Frederick the Great writes: It occurred to me in rapid succession, that Psych 100 taught me (lo these many years ago) that (WEIRD) populations are 4-8% non-cis, but the data are so shitty no-one really knows; that the intervening years have been sufficiently eventful that self-report factors may, at least in the United States, have changed sufficiently to yield significantly different results in at least younger and bluer cohorts; that such results might be sufficiently numerous to generate new and improved estimates for at least the entire American population; and, finally, that there was no reason whatsoever to investigate when I have on tap so many clever people so much more interested in the question than I.
Heebie's take: good question! I have no idea.
NickS writes: I recently saw this proposal by Paul Romer.
It's intriguing. It is most likely politically impossible, and possibly a bad precedent to target a specific revenue model in this way. But it seems like a much better approach than many of the proposals for regulating social media companies.
I first learned about Facebook's penetration into political dynamics outside the US at a dinner in Chile. During the discussion, senior members from one of its major political parties attributed their recent electoral success to their use of Facebook's targeted political ads. I asked if they were concerned that a foreign corporation controlled by a single person could have so much influence on their elections. My question did not even seem to register. They seemed to think of Facebook as an arms dealer to which they had preferential access. They were comfortable because they were far ahead of the opposition in understanding how to use the new political tools that Facebook had developed. They did not seem to appreciate that Facebook does not sell these weapons; it is a digital mercenary that is always the one with its finger on the trigger.
I [argue] for a flanking attack on the political power of the ad-tech giants that the legislative branch of government could launch. It could enact a progressive tax on revenue from digital advertising.
All three parts of this strategy are critical to its success. Progressivity is the automatic way to offset the increasing returns on investments in code that give bigger firms an advantage over their smaller rivals. Revenue is a better base than income for any new tax. Income is the difference between revenue and cost, which can be incurred in different places, so there is a fundamental ambiguity about where corporate income. This opens up the possibility of avoiding any tax on income by shifting income from high-tax to low-tax jurisdictions. There is no such ambiguity about sources of revenue. Taxing only the revenue from digital advertising is the best way to encourage firms to switch to less dangerous ways to be compensated for the services they provide.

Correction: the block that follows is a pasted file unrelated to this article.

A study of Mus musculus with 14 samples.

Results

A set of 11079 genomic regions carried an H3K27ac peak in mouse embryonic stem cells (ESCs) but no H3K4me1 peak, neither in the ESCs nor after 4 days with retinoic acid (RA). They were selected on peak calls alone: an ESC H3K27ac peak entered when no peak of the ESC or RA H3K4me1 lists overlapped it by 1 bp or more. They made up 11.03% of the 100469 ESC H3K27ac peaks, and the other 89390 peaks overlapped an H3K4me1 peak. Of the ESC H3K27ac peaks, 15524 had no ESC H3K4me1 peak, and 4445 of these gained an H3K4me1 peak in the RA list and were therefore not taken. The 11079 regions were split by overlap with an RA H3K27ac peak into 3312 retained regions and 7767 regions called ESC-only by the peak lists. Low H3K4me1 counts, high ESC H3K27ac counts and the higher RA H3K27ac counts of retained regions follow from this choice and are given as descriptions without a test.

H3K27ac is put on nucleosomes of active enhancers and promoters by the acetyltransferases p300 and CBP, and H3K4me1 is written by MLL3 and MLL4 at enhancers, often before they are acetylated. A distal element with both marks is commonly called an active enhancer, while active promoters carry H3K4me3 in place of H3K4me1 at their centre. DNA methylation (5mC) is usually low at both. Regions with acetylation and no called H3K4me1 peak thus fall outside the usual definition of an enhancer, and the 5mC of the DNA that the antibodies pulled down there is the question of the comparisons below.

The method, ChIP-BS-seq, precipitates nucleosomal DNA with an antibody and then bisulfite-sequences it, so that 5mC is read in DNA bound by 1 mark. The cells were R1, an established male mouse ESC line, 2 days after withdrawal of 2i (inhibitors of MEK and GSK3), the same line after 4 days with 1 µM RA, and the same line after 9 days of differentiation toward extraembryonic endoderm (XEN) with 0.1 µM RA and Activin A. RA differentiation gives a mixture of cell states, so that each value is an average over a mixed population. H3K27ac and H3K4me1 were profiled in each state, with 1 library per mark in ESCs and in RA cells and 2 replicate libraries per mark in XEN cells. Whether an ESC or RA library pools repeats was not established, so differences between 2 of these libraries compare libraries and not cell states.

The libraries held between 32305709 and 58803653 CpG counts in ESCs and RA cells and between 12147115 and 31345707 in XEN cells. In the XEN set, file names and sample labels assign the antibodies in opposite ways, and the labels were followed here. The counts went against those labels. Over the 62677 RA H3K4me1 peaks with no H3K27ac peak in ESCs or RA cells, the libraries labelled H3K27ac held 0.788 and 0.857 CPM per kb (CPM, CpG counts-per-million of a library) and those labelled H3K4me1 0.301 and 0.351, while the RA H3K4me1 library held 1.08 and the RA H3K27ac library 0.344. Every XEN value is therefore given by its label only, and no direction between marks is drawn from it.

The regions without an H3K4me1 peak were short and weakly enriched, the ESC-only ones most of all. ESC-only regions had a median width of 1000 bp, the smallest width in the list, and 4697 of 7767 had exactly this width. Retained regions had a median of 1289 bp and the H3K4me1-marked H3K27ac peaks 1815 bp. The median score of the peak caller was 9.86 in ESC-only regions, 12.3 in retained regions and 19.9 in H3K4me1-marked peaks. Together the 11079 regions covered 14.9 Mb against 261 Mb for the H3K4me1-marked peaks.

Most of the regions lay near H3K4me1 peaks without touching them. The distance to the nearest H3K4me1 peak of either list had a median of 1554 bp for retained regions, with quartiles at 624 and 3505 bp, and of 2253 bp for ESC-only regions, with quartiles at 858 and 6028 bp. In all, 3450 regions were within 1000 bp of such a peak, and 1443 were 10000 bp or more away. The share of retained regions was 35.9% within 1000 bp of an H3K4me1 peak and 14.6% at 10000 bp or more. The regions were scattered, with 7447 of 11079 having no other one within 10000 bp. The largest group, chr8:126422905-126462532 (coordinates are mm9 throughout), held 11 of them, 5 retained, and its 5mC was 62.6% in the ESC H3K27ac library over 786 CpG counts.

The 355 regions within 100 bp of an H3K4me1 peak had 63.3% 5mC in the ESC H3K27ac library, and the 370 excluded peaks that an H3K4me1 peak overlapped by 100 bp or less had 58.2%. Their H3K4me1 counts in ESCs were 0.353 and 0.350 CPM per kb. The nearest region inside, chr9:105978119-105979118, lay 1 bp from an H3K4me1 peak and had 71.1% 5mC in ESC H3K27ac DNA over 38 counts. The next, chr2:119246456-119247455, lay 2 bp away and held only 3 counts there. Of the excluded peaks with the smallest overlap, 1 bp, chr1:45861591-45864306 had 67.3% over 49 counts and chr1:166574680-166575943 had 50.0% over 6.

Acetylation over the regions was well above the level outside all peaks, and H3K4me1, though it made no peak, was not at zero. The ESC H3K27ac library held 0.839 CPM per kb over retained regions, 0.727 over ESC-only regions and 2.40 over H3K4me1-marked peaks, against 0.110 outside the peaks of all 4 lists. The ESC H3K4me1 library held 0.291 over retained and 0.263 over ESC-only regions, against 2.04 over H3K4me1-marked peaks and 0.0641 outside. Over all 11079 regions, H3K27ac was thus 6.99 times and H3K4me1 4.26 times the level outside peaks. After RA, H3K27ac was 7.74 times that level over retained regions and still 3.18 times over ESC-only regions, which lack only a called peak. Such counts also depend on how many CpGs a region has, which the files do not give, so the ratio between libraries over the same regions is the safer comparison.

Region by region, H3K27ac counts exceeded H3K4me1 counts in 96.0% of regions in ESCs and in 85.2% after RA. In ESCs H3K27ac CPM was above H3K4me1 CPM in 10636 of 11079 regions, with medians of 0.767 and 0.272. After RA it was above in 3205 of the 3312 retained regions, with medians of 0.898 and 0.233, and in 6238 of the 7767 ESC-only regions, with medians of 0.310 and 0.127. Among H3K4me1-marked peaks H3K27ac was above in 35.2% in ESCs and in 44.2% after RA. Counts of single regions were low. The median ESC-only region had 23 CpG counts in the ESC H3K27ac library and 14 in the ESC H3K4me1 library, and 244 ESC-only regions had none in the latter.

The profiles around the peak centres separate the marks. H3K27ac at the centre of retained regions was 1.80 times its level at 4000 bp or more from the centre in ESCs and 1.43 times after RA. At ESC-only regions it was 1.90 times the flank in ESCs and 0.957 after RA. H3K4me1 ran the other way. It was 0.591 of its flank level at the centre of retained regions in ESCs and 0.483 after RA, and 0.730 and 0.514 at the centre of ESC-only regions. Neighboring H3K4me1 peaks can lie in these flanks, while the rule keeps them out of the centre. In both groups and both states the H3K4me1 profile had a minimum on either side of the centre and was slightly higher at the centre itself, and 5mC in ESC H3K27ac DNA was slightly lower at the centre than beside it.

This tax is clearly not a broad attack on all types of monopoly power. It focuses our energies first on the monopolies with the potential to influence all of our policy decisions.
Heebie's take: It's a good conversation topic, but I'm not sure I buy it. Here the author says explicitly:
The only goal of this tax is to push the firms that control digital advertising down the two paths that will reduce their political power -- the path toward subscriptions and the path toward competition between a large number of smaller firms.
He also says that we have a culture of learned helplessness with regards to antitrust policy, and clearly the Supreme Court has signaled that they are not going to intervene against a tech giant, and therefore we are forced to go in this direction.
All I can think is that the author is limiting himself to things which can pass under reconciliation, and therefore if the courts won't hold up existing laws, you're forced to make it about revenue and spending (although he doesn't say this himself). Otherwise, why not just have politicians write legislation regulating the content of online ads?
Mossy Character sends in South and Southeast Asia's Last Coal Plants. Seems like a good thing.
This is intended to be our system for checking in on imaginary friends, so that we know whether or not to be concerned if you go offline for a while. There is no way it could function as that sentence implies, but it's still nice to have a thread.
Four recently divorced people talk about how Covid impacted their marriages. Found it interesting.